Fountain Is Off the Wall

March 21, 1992|PATRICK MOTT

Before you rush out and plunk down your money for a Harmonic Cascade, you might want to recall a telling scene in "The Right Stuff."

Alan Shepherd, soon to become America's first man in space, has been sealed inside his Mercury capsule atop a Redstone rocket for hours, as his flight countdown is held again and again. Cut to his wife, pouring coffee in her home for several other astronaut wives. She comments that her husband had drunk several cups before going to work that morning.

Cut to Shepherd, suffering. Cut to more coffee, spilling over the rim of the cup and into the saucer. Cut to bubbles gulping up in a water cooler bottle. Cut to Shepherd, sweating audibly. Cut to technicians hosing down the launch pad. Cut to Shepherd, contorted and frantic.

You get the idea. Now, take a break and pick up the next paragraph when you come back from the bathroom.

Right. Now we can comfortably talk about an indoor waterfall, which is what the Harmonic Cascade is. Manufactured in Boulder, Colo., by former Southern Californian Steven Wander at his company, Harmonic Environments, it's a kind of indoor wall of water that sheets down over a mirrored, metallic or art-glass background. It can be free-standing or built into a new or existing wall.

Wander whipped up the idea, in part, because of homesickness. In Boulder--the New Age California-in-the-Rockies--he still lacked one beloved and familiar aspect of his formerly laid-back life in Laguna Beach: the sound of waves. Before he headed for Boulder, he said, he lived "on a cliff over the water and I got used to the whirling, swirling sounds of the waves. Now I live at about 8,500 feet and I wanted to replicate that experience."

Wander touts his invention primarily for its appeal to the care-worn psyche.

"People just gravitate magnetically to wherever there's water," he said. "It just has a universally calming, soothing effect."

You may need a bit of soothing after paying for one of the larger standard models. If you go for something ceiling-sized at 10 feet tall, it'll cost you around $11,000. Tabletop models at two feet tall go for around $1,500.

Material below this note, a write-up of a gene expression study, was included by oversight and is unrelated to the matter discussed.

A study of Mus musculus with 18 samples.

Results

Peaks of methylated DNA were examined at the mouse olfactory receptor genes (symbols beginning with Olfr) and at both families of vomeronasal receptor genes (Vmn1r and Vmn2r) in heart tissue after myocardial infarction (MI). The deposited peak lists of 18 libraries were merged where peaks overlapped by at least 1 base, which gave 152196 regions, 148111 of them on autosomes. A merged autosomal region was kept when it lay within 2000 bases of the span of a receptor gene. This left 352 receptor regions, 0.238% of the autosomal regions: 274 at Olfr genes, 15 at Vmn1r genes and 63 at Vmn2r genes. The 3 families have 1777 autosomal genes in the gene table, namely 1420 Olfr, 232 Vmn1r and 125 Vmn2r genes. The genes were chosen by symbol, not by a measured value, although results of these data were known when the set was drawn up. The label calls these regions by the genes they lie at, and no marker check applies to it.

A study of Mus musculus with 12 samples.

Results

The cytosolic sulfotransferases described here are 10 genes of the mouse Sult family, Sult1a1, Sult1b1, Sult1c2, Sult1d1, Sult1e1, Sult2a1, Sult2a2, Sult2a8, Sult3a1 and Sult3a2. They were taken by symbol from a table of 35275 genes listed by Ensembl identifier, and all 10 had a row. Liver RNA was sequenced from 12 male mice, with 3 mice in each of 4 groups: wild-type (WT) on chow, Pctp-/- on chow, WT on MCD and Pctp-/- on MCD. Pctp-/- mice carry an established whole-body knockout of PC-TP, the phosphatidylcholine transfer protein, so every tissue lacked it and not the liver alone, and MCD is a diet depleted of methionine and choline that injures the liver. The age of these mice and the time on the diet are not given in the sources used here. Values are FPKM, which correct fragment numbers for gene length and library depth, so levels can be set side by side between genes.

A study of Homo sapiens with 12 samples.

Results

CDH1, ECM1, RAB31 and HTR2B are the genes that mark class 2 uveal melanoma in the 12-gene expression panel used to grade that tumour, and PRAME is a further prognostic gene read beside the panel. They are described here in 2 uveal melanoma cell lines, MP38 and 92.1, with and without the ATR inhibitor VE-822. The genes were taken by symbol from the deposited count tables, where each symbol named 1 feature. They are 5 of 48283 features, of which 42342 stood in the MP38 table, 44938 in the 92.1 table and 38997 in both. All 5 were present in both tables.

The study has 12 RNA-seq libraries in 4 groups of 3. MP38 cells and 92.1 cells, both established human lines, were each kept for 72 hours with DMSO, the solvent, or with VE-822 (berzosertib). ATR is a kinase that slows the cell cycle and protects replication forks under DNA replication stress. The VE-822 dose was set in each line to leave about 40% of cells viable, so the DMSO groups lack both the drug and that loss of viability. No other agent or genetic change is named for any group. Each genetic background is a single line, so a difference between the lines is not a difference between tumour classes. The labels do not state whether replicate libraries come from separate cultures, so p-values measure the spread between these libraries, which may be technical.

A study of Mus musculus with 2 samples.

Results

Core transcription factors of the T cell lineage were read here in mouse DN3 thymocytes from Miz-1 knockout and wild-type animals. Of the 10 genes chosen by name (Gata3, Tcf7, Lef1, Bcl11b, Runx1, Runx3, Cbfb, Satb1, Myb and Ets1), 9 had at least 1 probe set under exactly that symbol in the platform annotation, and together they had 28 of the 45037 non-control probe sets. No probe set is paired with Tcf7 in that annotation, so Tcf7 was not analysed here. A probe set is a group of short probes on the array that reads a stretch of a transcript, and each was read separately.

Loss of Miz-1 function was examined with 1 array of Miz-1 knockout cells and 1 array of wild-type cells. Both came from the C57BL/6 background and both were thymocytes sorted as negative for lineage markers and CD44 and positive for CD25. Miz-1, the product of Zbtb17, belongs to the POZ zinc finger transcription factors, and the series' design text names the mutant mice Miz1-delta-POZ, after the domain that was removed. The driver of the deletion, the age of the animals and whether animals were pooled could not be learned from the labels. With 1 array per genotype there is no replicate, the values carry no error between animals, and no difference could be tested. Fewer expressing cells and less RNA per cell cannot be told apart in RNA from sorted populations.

Wander also will take custom orders for truly Gargantuan models and will craft such extra goodies as backlighting, fiber-optic lighting, original artwork or photo murals on the backing, and various materials and colors for the cabinet.

Also, said Wander, the entire machine can be built into a wall or can remain free-standing and therefore able to be moved like any piece of furniture.

What about the water? It's self-contained and recirculated by a motor that can't be heard over the sound of the water. And it doesn't splash away from the wall at all.

It does, however, clean the air, according to Wander. The negative ions in the moving water attract the positively charged ions in dust, he said.

(That sounds about right to me. In the lobby of The Times' plant in Orange County is a huge stainless steel sculpture that is set into a pool in the floor. Water bubbles out of the top of it and sheets down the sides. It's striking, and I've never seen any dust in the lobby. It's also a nice place to retreat to whenever life gets stressful.)

Just how blissed-out can one get in proximity to a Harmonic Cascade? Dentist Randy Cockrell and his wife, Ann, are betting that an entire waiting room full of phobic patients is going to be gurgled into a happy state of preparedness by the machine.

Working with Peggy Kisielius, owner of Interior Solutions in Tustin, they had a wall-size Harmonic Cascade installed in their brand-new office in Anaheim Hills. Backed by black metal and surrounded by gray Corian, the waterfall will be lit with a soothing blue light and the rate of water flow (which can be regulated) will be turned down from merrily cascading to merely babbling. Wander calls the variation "anywhere from a light rain to a river effect."

Ann Cockrell, who acts as her husband's office administrator, said that she and the doc had seen a Harmonic Cascade display at a state dental convention in Anaheim and decided to include it in the new office.

"We wanted something low-maintenance that looked modern and wouldn't go out of style soon," she said. "I just love it, and for a dental office, water is very calming. The one thing people dislike most while waiting in a dental office is the sound of the drill, and the water covers that. I hope everyone has strong bladders when they come in here, though."

(Note to potential patients: the bathroom's just down the hall. I checked.)